See also: abscess
pertaining to the mammary gland.
usually an abscess of connective and subcutaneous tissue with no abnormality of the milk. Large masses of necrotic debris may occur in infection of the udder by Arcanobacterium pyogenes but these are usually classified as mastitis because they connect with the duct system and cause the discharge of pus in the milk.
the absence of milk secretion in an animal that has recently given birth and has normal mammary development. See also agalactia.
produced along the length of the embryonic mammary ridge these buds represent the future locations of the mammary glands. Invagination of ectoderm at each bud leads to the development of epithelial diverticula, later maturing as lactiferous ducts.
recorded in ewes; filled with milk.
mammary ductal ectasia
milk ducts are distended with proteinaceous fluid containing cell debris. Common in bitches and queens. May rupture to the exterior causing granulomas. Called also mammary ductal hyperplasia.
mammary ductal hyperplasia
see mammary ductal ectasia (above).
mammary ectopic tissue
bilateral swellings in vulvar tissue; enlarge at parturition; milk can be aspirated.
occurs in the few days before or immediately after calving. The udder and the teats, often the escutcheon and sometimes the ventral abdominal and even the ventral thoracic wall are obviously misshapen by pitting edema. The teats may be so swollen that milking is difficult.
feline mammary hypertrophy
a hormone-dependent, benign enlargement of one or more mammary glands, occurring spontaneously in young, intact female cats and in others treated with progestins. Called also fibroepithelial hyperplasia, fibroadenomatous hyperplasia and fibroadenomatosis.
diffuse thickening or local lumps palpable through skin, mostly in ventral part; may be sufficient to cause asymmetrical enlargement of the gland; terminally leads to atrophy.
a lesion which includes skin, a well demarcated mass of tissue usually involving whole or part of teat; secretion is watery, red-tinged; gangrenous mass eventually sloughs leaving a slow-to-heal gaping cavity.
a gland of female mammals developed from specialized sweat glands, which secrete milk for nourishment of the young. The mammary glands are composed of alveolar tissue, with the alveoli lined by milk-secreting epithelium, and connecting to a collecting duct system which empties into the milk cistern (sinus) at the base of the teat and then into the teat cistern (sinus). They exist in a rudimentary state in the male. In food animal females and mares, called also udder.
mammary gland caking
appears as a hard plaque along the floor of the udder, usually in a first calf heifer immediately after calving. The milk is normal but the udder is sore and let-down is poor.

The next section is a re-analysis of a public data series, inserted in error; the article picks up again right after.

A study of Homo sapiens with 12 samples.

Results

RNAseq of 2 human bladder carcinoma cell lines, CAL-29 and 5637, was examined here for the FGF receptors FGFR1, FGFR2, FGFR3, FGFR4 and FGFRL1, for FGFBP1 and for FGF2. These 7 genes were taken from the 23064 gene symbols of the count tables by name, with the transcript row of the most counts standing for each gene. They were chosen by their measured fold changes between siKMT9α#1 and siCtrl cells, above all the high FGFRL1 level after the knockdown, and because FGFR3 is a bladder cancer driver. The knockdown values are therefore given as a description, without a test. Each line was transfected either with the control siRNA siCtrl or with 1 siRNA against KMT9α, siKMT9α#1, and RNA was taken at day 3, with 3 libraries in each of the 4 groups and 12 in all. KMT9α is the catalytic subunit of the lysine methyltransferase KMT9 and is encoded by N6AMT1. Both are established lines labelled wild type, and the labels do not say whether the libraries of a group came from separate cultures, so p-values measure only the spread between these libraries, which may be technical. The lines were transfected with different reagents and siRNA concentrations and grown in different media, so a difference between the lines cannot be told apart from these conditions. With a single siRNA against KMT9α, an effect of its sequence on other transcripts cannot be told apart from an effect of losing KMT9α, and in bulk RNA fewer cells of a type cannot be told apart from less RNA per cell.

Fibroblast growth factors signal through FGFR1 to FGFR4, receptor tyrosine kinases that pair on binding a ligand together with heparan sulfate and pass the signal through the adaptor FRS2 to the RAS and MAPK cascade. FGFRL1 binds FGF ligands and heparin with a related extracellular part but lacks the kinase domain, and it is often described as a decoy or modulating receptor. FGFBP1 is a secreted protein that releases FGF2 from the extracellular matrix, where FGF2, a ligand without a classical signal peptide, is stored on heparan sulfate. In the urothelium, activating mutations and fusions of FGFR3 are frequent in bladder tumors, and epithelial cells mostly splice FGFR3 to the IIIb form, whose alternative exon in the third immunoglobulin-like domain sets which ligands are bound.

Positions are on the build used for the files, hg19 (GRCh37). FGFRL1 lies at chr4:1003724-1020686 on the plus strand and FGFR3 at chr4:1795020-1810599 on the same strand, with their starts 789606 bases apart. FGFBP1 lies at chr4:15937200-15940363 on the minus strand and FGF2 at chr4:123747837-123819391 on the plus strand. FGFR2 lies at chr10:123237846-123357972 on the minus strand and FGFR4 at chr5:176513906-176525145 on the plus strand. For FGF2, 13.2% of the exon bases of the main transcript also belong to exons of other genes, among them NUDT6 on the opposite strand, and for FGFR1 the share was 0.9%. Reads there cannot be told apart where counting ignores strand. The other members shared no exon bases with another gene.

mammary gland suspensory ligament
see udder suspensory apparatus.
normal tissue on palpation but quarter enlarged compared to opposite one of pair.
failure of the glands to develop. It is also usually extended to include those udders or individual quarters that do not undergo reconstitution after regression during a dry period.
regression of mammary tissue to a non-secreting state, with disappearance of much of the epithelial tissue. The process can be induced by the infusion of colchicine into the milk system.
an increase in the number of ducts per lobule of mammary gland.
is rare in food animals and mares. It accounts for approximately 25% of all neoplasms in dogs but is less common in cats.
mammary pustular dermatitis
an infectious disease of lactating cows consisting of 2 mm diameter thin-walled pustules on the skin of the teats and the ventral udder. There may be similar lesions on the hands of the milkers. The cause is bovine herpesvirus 2. Called also udder impetigo, udder acne.
just before parturition and for the first week afterwards the secretion is thick, sticky colostrum. This is followed by milk for the duration of the lactation and superseded in the weeks after drying off by honey-dew, a clear, viscid secretion. The gland may be completely dry for a variable period between lactations.
mammary suspensory ligament rupture
a condition manifested by separation of the median ligaments (medial laminae) resulting in the glands dropping ventrally. The teats point almost laterally. It is a problem of recently calved cows. Called also dropped udder.
mammary tumor Gilbertson classification
used in the classification of human breast tumors as an aid to prognosis; five grades of severity based on morphological criteria, especially degree of local invasion and lymph node involvement.
congenital lack of development of all glands, possibly an inherited defect.